8 Top Google Analytics Metrics To Track & Measure

Google Analytics is a free resource to track actions on your website such as visits, purchases, downloads, entrance and exit pages and hundreds more. It is packed with features and also allows you to segment your visitors for maximum targeting and optimisation.
To help you manage or get started with analytics, I’ve listed here some of the top metrics that you need to track and which will help you assess how effective your ads are and how your website is performing:

1. Bounce rate

This is a top engagement metric in your analytics reports and it’s one that many online marketers and analytics users are familiar with. It is defined simply as the percentage of single page views in which the person left your site from the entrance page without interacting with the page.

Bounce rate

What constitutes a good bounce rate varies from industry to industry and there are many opinions about what a good one is. I’ve found that on average, a bounce rate above 60% is not good for many websites especially considering that almost all websites have a feature they can track whether it’s a purchase, registration, signup, download, contact page and so on.

2. Sessions

A session is shown for the date range you have selected in your analytics interface and it is a period of time in which a visitor is engaged with your website or app and that includes a screen view, event, ecommerce etc and all these are associated with sessions. This is an acquisition metric and shows how effective your site is at acquiring visitors and how engaged they are.

Analytics Sessions

3. Click Through Rate (CTR)

This is an important metric that you won’t see in analytics and is usually associated with Google Adwords. It shows how effective your ads are at getting viewers to click through to your website. You can calculate it yourself in analytics for your Adwords traffic by diving clicks by impressions

CTR = Clicks / Impressions

4. New vs Returning Visitors

This metric is unique and it measures customer and visitor loyalty and how effective you are at retention. The higher the percentage of return visitors to your site, then that’s usually a sign of high visitor retention. However, that all depends on your goals and the age of your website. For example if your site is recently launched with few visitors there will naturally be a higher percentage of new visitors and that’s also true if you have significantly increased advertising to new market segments.

New vs Returning visitors

5. Goal Conversion Rate

This is a top level analytics metrics that is a clear indicator of how your website and advertising are performing. It shows the percentage of visitors who complete a goal on your website like a download, a purchase, registration etc and to start tracking this, you need to setup your goals in the admin section of your account. You can also import your PPC goals into Adwords to see how your ads, keywords, ad groups and campaigns are performing.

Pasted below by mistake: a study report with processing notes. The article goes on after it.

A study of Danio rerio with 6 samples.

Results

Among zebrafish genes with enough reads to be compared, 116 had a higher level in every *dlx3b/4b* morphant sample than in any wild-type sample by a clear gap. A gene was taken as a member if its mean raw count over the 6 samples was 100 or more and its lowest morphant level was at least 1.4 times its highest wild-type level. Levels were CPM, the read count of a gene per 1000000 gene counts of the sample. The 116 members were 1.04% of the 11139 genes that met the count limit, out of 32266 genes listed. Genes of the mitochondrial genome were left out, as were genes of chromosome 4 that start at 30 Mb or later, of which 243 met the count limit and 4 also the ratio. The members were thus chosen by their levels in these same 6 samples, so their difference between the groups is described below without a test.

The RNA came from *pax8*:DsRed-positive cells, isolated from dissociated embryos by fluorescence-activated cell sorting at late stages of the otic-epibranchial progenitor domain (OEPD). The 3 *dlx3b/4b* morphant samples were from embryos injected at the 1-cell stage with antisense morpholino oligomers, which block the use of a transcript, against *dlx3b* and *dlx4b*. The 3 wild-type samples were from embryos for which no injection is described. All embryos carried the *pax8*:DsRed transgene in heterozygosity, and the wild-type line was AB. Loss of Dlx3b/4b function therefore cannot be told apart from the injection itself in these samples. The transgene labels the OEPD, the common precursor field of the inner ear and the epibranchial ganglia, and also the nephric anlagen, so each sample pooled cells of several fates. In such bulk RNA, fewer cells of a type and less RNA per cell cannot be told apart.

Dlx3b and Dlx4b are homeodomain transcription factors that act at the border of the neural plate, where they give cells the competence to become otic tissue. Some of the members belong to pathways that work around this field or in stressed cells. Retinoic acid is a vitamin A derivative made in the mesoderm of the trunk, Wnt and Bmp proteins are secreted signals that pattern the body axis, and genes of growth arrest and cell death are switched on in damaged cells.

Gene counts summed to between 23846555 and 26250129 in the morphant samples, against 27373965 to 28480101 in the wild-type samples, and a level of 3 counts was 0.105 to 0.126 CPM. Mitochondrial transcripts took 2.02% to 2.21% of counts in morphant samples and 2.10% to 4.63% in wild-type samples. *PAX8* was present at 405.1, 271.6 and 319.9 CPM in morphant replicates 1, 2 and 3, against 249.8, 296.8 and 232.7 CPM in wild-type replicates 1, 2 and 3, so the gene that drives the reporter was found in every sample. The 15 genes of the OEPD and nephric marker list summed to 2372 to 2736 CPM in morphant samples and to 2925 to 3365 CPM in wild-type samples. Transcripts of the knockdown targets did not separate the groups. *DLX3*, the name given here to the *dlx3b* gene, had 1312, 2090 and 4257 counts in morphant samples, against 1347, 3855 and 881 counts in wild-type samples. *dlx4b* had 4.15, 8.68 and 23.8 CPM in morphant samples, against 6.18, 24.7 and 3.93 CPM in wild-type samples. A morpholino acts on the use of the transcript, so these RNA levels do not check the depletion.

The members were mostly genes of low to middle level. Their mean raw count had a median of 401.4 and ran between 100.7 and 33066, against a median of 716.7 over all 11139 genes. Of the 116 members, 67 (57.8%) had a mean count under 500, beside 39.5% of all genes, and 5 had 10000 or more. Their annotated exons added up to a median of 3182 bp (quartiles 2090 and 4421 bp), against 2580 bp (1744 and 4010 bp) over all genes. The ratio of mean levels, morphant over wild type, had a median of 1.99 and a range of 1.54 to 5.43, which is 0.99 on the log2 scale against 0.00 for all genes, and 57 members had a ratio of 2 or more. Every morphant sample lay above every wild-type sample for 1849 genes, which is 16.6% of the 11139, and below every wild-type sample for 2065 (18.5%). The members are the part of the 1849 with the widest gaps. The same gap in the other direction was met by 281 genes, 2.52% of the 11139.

6. Goal Conversions

Goal conversions is related to goal conversion rate and it shows how many goals have been completed on your site.

7. Average Time on Page

This is another top engagement metric and it measures the amount of time visitors spent viewing a specific page on your website. It’s available for all pages that are being tracked on your site and you can view it by clicking Behaviour > Site Content > All Pages. This metric is important because it shows how engaged people are on your landing pages and if they arrive and leave quickly then it’s likely that some optimisation will help to improve engagement.

8. Percentage Exit (% Exit)

Percentage exit shows the percentage of people that exit a specific page or set of pages. It’s calculated as the number of exits divided by the number of pageviews for the page or set of pages. This is a behavioural and engagement metric and it shows how effective various pages on your site are at retaining visitors. For some pages like the homepage, thank you page and payment success page, % exist will generally be high and this is expected because your visitors will have completed an action and then they will close the page. For other pages on your site that have high % Exits, you should investigate to see how you can improve the text, images, offers, call to action and other elements that help to improve the user experience.

Percentage exits

I'm a Certified Google Ads Expert and Marketing Author and in this blog I share my latest tips and secrets on how to promote your business successfully on the web and increase customer loyalty, retention and advocacy on Google Ads.